By: MarkJ - 17 September, 2003 (2:46 PM)

The UK Internet Services Providers’ Association (ISPA) has today welcomed the governments RIPA recommendations, yet highlights continued concern over the effect of data retention on ISPs and their customers:

Jessica Hendrie-Liaño, Chair of ISPA Council said, “ISPA’s lobbying has helped to satisfy a number of the internet industry’s concerns about how government agencies gain access to communications data. However, the Government’s data retention proposals still arouse consternation.

Regulation of Investigatory Powers Act (RIPA)

ISPA has achieved significant successes in its lobbying activity in relation to the Regulation of Investigatory Powers Act (RIPA).

ISPA has long held a request for the full enactment of Part 1 Chapter 2 of RIPA – legislation that was passed in 2000. This should establish a uniform procedure that law enforcement agencies and other designated authorities must commit to when wishing to access communications data.

However, ISPA remains concerned that certain agencies such as the Department for Work and Pensions seem unwilling to give up the powers they retain under other laws.

Mrs. Hendrie-Liaño said, “This uniform procedure enables ISPs to assist law enforcement agencies and protect customer data. ISPs may find it difficult to assess the legitimacy of data access requests made using powers other than those granted under RIPA.

ISPA welcomes the Government’s commitment to the Single Point of Contact (SPoC) scheme. All notices from authorized agencies should be channelled to the ISP via a SPoC who should be a person of significant seniority within the designated authority.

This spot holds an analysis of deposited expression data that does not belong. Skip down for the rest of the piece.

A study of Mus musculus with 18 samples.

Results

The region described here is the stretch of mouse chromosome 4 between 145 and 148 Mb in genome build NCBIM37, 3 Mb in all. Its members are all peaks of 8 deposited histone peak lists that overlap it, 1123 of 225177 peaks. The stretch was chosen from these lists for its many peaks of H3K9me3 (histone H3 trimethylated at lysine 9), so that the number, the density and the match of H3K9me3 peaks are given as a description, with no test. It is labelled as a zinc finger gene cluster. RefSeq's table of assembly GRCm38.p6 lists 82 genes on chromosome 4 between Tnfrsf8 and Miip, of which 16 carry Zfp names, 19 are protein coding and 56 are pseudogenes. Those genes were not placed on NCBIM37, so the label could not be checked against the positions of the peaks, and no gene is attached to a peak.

The assurances of regular checks by an independent Commissioner on public bodies to ensure they are not abusing the powers granted to them under RIPA is another success of ISPA’s ongoing work with the Home Office.

Anti-Terrorism Crime and Security Act (ATCSA)

ISPA maintains its recommendation to ISPs that they do not subscribe to the voluntary code of practice under the Home Office’s data retention proposals.

Mrs. Hendrie-Liaño said, “ISPA lacks convincing evidence from law enforcement that the data retained by ISPs at the request of the Home Office will be of use to law enforcement. Moreover, ISPA believes the voluntary code of practice may cause ISPs legal problems due to conflicts with the Data Protection Act and Human Rights legislation.

ISPA also renews its call for more information about how ISPs will recover their costs for retaining data for law enforcement purposes.

Mrs. Hendrie-Liaño concluded, “The Government has not satisfied the industry that the data they wish to retain is of use to law enforcement agencies. Furthermore the Home Office must clarify how the industry will recover its costs for participating in any retention activity for law enforcement purposes.